Have you seen the hares and tortoises around Eye?

After the Sheep Art Trail last year The Blossom Charity has organised the Trail of Hope in Eye this

After the Sheep Art Trail last year The Blossom Charity has organised the Trail of Hope in Eye this year. Picture: GREGG BROWN/THE BLOSSOM CHARITY - Credit: GREGG BROWN/THE BLOSSOM CHARITY

Statues have been placed around a Suffolk market town to commemorate the key workers and volunteers that helped people through lockdown.

Following the success of the Sheep Art Trail, which was held in Eye last year, The Trail of Hope is made up of six statues of hares and tortoises.

The Blossom Charity, which organised the trail, said the statues are a celebration of the good things to have come out of lockdown.

Among the characters include ‘Superhare-O’ which represents NHS staff and key workers, ‘Colonel Tom, the Gentlehare’ named after fundraiser captain Tom Moore, and ‘Nutbrown’ representing local photographer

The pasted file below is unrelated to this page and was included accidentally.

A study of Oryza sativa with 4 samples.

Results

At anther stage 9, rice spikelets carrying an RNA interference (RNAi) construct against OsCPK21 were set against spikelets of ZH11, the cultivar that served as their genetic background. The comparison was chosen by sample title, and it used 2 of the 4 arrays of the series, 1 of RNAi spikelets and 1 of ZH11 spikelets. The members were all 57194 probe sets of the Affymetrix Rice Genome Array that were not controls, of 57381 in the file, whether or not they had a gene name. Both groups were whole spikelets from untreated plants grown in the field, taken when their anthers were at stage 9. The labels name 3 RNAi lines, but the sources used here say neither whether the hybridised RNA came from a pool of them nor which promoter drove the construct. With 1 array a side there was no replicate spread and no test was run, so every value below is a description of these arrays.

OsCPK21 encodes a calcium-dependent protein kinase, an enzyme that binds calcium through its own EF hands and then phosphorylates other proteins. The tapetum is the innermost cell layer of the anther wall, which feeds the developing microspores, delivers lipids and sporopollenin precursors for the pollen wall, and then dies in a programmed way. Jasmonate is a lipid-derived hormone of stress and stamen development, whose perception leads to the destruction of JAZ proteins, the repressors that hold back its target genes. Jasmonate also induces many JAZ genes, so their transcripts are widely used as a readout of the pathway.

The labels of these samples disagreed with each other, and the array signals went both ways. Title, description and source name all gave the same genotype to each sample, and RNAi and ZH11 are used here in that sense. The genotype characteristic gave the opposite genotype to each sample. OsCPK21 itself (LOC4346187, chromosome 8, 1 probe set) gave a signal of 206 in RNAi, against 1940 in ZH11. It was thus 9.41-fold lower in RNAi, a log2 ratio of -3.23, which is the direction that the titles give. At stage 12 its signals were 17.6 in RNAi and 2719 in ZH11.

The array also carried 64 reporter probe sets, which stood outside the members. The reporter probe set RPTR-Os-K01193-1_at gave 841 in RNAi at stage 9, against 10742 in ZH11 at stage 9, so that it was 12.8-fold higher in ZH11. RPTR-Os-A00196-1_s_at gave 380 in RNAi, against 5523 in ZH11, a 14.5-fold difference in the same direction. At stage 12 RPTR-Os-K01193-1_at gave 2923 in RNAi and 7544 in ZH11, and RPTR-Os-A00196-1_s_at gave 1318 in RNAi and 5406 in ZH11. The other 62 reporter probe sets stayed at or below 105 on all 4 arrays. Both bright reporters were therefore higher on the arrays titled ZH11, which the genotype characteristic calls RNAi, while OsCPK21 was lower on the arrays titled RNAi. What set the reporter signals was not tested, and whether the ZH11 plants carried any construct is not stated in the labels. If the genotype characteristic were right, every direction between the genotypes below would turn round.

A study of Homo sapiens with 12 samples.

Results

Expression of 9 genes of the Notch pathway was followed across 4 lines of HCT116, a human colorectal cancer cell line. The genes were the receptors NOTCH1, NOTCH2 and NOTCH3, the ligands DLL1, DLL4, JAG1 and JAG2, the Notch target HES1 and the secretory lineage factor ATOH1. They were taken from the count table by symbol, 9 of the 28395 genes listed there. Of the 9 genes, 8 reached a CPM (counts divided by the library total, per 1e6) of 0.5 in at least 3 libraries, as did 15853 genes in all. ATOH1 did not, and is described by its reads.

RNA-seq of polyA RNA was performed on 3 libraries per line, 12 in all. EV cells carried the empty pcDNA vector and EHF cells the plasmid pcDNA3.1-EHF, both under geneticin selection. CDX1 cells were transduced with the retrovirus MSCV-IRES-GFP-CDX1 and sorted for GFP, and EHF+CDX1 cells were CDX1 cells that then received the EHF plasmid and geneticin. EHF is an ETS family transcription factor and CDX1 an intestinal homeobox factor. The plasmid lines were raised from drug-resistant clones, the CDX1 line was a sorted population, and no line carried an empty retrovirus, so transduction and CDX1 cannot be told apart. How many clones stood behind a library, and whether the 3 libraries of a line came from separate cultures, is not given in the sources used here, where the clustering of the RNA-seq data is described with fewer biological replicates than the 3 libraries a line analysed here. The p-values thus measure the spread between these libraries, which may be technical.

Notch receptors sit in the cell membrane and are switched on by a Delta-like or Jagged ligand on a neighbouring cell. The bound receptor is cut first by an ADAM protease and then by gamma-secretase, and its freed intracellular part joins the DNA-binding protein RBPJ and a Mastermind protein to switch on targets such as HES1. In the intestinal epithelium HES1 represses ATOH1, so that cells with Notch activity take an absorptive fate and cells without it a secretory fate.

The six main statues are spread around Eye, and accompanied by six smaller statues.

Maps showing their locations are available from shops in the town, including Dream On, The Handyman and the two Co-ops.


“We wanted our trail to show that there is always hope to help us move forwards by celebrating the heroes and positives to come out of it.

“Our talented artists have worked extremely hard to ensure that the decorated animals depict some of the good in these unprecedented times.”

The statues will remain in their locations around Eye until September 11.


Abhilash Gope, manager at Hartismere Place care home which is sponsoring the trail, said: “We’re thrilled to be sponsoring ‘Colonel Tom the Gentlehare’ as part of the Eye Trail of Hope.

“Residents and team members have thoroughly enjoyed being part of this initiative, as well as paying tribute to captain Tom, who has inspired everyone here at Hartismere Place.”

The Blossom Charity will soon be launching a programme of workshops for people who have been impacted by the coronavirus crisis.

Called Reboot, the programme is aimed at people who may have lost their jobs, or who have lost their confidence and do not know what to do next.